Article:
UGA details academic mishap, coach involvement in Bauerle case

The University of Georgia argued to the NCAA that its self-imposed penalties on head swim coach Jack Bauerle are more than stern enough not to warrant further sanctions.

UGA details academic mishap, coach involvement in Bauerle case
Chris White

In documents obtained Thursday evening by the Athens Banner-Herald through a public records request, UGA goes into added detail concerning the case against Bauerle, who remains suspended from all job-related duties. Earlier this year Bauerle admitted to athletic department officials he contacted an associate professor and requested one of his swimmers, Chase Kalisz, be enrolled in a class after the semester had ended.

An investigation headed by athletic department officials with help from the NCAA led the university to argue the benefit Bauerle sought did not provide a “substantial or extensive” competitive advantage to Kalisz, according to the documents. Kalisz was cleared of wrongdoing before the end of the swim season.

Instead, it was an ill-advised phone call and an errant mouse click that led to the suspension of the longtime swim coach and athlete, the athletic department stated in its response to the NCAA notice of allegation, dated June 30 and signed by President Jere Morehead.

Some details from the incident were previously reported, but several bits of new information or more-detailed accounts were found in the documents.

THE PHONE CALL

■ While Georgia found the benefit provided to Kalisz was relatively unsubstantial, Bauerle’s role broke an athletic department policy prohibiting coaches from contacting instructors.

■ On Dec. 10, Bauerle contacted an associate professor — whose name and department was redacted throughout the documents — to request Kalisz be added to one of his classes with the understanding Kalisz would be given an incomplete and would make up the work in the spring for a satisfactory grade.

■ Georgia describes the late addition as hardly unique, noting Kalisz was one of 69 students who “properly added a course with the approval of the required faculty members in December 2013 — and one of 710 who added a course after the add/drop deadline of Sept. 11, 2013.” The instructor described this practice as “routine.”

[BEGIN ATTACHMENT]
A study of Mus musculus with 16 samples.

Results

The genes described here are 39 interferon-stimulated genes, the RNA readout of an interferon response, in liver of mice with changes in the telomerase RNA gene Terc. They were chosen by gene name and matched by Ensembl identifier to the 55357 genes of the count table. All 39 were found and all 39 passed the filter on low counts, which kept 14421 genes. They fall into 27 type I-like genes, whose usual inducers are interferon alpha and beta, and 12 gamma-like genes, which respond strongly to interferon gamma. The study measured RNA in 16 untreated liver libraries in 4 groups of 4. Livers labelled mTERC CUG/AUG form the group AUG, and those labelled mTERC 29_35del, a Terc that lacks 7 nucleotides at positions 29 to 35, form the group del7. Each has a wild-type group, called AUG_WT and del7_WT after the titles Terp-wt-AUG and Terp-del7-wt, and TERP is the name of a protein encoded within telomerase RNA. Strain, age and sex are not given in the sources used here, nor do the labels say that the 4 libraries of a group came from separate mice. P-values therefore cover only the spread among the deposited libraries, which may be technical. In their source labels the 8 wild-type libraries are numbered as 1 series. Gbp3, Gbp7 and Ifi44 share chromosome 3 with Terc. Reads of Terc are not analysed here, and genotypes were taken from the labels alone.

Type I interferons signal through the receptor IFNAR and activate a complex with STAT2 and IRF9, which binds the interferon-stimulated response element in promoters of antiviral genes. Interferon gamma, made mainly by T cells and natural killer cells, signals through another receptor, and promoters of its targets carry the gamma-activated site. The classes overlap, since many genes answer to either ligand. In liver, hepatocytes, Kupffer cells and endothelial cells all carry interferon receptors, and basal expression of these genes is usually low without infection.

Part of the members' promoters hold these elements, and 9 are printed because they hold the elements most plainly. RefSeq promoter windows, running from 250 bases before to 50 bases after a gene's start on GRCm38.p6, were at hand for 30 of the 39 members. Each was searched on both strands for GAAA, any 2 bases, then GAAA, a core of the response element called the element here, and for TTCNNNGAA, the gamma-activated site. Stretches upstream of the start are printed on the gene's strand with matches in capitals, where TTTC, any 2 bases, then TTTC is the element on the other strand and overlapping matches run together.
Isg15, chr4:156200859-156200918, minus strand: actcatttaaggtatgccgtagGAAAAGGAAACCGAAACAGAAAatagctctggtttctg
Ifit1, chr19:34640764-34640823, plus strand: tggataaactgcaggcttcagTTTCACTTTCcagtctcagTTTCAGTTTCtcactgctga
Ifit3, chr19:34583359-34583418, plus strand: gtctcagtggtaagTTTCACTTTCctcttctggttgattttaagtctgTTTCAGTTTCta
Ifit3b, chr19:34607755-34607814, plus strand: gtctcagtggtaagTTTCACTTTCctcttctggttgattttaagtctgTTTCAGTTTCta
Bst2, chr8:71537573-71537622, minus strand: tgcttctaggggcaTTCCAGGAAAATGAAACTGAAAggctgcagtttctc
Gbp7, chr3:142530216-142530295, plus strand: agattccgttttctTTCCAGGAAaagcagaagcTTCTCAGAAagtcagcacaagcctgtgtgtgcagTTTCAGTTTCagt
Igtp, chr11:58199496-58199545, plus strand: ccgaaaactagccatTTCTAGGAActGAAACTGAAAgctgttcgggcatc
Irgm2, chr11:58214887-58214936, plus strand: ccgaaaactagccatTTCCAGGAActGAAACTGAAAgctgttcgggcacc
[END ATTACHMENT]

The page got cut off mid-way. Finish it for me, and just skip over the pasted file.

■ Bauerle then contacted athletic department officials about obtaining academic help for Kalisz and told them of his request to the professor. The department then launched an investigation that eventually included several NCAA employees.

■ “Bauerle has accepted full responsibility for this entire situation and made clear that, to the extent any blame is due, that blame rests squarely on his shoulders,” the report states.

THE GRADE

■ The unnamed associate professor gave Kalisz a passing grade — an “S” — and was then contacted by Bauerle, who said he never asked the swimmer be given the mark without doing the work, the investigation found.

■ The associate professor told investigators he was quickly clicking through “S” grades when he must have accidentally included Kalisz.

■ The report quotes the associate professor: “And so what happens is that (name redacted) shows up on my list of (redacted). And I’m embarrassed to say, I was going with my clicker S, S, S, S, because that’s what you do. Because unless, unless there’s some exceptional circumstance, they’re gonna get an S, and I didn’t see (redacted) name. And so then I was on (redacted) because I mean, I’m sorry, no, that — when Jack called and said did you realize you gave him an S, I thought I’d lost my mind because I didn’t know how that happened.”

■ The university has since enacted a change to its policy regarding students enrolling in a class after the drop/add date. A student must now submit a letter explaining the reason for the request; the instructor must submit a report detailing how the student can complete the coursework on time; and the dean must submit a letter to the registrar providing “extraordinary justification” for the late addition.

GEORGIA’S STANCE

The university argues the findings are not egregious enough to be labeled NCAA Level I violations and that no further sanctions should be handed down for several reasons:

■ This is not proof of a lack of institutional control as the university warned Bauerle against contacting an instructor and took action when it learned of his involvement.

■ Other students, including non-athletes, had been added to classes in similar fashion.

■ No academic fraud was found to have been committed.

■ Kalisz did not compete while ineligible.

■ Kalisz remained eligible without regard to Bauerle’s actions.

PENALTIES TO COACHES

Bauerle and associate head coach/recruiting coordinator Brian Smith received several sanctions. Bauerle’s punishment includes:

■ No increase in pay through the duration of his contract, which runs through June 30, 2017. Bauerle made $249,999.96 in 2013.

■ Future bonuses under the existing contract will be reduced by $5,000 and by an amount equal to the legal fees incurred by the university as a result of the violations in this case.

■ Bauerle must attend the 2015 NCAA Regional Rules Seminar at his own expense.

■ Letter of reprimand from athletic director Greg McGarity.

Redactions in the documents left Smith’s role unclear, and the university states it found Bauerle acted alone. However, the assistant coach also was penalized:

■ Smith must attend the 2015 NCAA Regional Rules Seminar at his own expense.

■ Smith will not be eligible for bonuses through the 2014-15 term.

■ Letter of reprimand from McGarity.